Transformation - 2008 President's Report


Innovative Green Initiatives Create Sustainable Environment

students build a green roof atop the Life Science building

The green roof test site atop the Life Science Building will further research on how to improve air quality.

Programs to clean up the air in North Texas, analyze its carbon footprint and build environmentally friendly buildings illustrate UT Arlington's leadership in green efforts among higher education institutions.

Make no mistake, UT Arlington's school colors are blue, white and orange. But more and more, Mavericks are going green.

As at many universities across the country, sustainability has become an important initiative at UT Arlington. But in a number of ways, UT Arlington is a step ahead.

Among them is the President's Sustainability Committee, an innovative collaboration featuring 10 work groups that address issues across campus. Priorities include building and construction, recycling, energy and water conservation, transportation and more. The faculty, staff, students, alumni and City of Arlington personnel who comprise the groups assure that sustainability issues are considered in each area.

Each work group is proactive, bringing ideas to UT Arlington President James D. Spaniolo for his consideration. Last spring, he approved more than 80 initiatives recommended by the committee.

The University is a green leader in other ways, too. The roof of the Life Science Building recently became the first green roof in the Dallas-Fort Worth Metroplex, and UT Arlington has partnered with the North Central Texas Council of Governments to clean up the region's air.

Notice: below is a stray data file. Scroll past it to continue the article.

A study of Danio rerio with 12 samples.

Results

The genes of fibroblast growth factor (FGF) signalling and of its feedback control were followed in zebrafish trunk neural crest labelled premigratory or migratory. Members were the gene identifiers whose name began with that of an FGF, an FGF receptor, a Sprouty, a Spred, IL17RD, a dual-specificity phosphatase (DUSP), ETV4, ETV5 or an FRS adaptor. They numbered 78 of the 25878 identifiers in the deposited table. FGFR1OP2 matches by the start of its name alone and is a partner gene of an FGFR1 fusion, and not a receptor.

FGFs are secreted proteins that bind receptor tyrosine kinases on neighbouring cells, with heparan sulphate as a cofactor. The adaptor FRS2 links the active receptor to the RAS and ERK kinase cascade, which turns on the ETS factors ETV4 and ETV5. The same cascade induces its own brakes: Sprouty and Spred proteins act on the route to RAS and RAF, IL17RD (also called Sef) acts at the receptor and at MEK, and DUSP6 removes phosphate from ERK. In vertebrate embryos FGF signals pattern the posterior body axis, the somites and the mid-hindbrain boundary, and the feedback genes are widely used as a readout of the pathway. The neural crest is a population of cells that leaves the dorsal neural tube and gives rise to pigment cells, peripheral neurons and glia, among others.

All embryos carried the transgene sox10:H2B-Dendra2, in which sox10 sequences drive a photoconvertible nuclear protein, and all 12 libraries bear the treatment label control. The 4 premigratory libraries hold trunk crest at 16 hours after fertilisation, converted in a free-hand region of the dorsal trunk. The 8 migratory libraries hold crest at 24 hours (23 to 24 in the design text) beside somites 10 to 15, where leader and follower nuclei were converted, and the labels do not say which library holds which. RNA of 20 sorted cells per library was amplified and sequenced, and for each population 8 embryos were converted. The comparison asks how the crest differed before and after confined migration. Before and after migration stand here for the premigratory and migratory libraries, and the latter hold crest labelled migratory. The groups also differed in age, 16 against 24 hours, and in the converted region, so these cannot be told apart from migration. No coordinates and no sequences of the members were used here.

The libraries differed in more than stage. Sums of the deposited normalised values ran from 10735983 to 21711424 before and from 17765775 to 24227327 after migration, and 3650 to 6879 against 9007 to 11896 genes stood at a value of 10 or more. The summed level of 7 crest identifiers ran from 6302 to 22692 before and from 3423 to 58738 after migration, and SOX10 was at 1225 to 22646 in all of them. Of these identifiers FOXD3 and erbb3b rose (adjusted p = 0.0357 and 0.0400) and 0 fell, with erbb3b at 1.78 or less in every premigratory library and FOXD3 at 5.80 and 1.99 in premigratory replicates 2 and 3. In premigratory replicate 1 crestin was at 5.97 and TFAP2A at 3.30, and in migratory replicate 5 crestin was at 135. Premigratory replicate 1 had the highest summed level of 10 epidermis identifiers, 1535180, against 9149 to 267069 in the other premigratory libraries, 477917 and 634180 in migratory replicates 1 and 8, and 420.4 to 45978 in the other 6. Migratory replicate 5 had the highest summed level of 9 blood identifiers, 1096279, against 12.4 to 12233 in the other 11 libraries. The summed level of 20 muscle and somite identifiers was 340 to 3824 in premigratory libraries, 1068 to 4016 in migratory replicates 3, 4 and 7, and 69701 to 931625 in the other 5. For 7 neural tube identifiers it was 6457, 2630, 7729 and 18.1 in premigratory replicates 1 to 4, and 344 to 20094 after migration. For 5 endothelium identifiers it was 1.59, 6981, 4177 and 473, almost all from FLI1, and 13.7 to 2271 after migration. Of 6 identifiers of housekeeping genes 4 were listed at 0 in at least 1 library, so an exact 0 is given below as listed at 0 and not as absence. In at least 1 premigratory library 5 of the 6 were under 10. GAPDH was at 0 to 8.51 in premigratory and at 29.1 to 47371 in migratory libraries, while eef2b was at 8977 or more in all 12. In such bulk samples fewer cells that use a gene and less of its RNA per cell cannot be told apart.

Last spring, UT Arlington became only the second Texas university to analyze its carbon footprint. Plans are in the works to make the new Engineering Research Building one of only a few buildings nationally to achieve LEED Silver Certification. And, to oversee all this, the University plans to hire its first sustainability coordinator.

We will continue to push the envelope to do more related to sustainability, said John Hall, vice president for administration and campus operations. The carbon footprint analysis concluded that much of the emissions are coming from our buildings, so it is imperative that we continue to implement further energy conservation measures that will save electricity and reduce the demands on the buildings' HVAC and mechanical systems.

On the academic side of the house, look for more programs and course offerings to incorporate sustainability initiatives across the disciplines.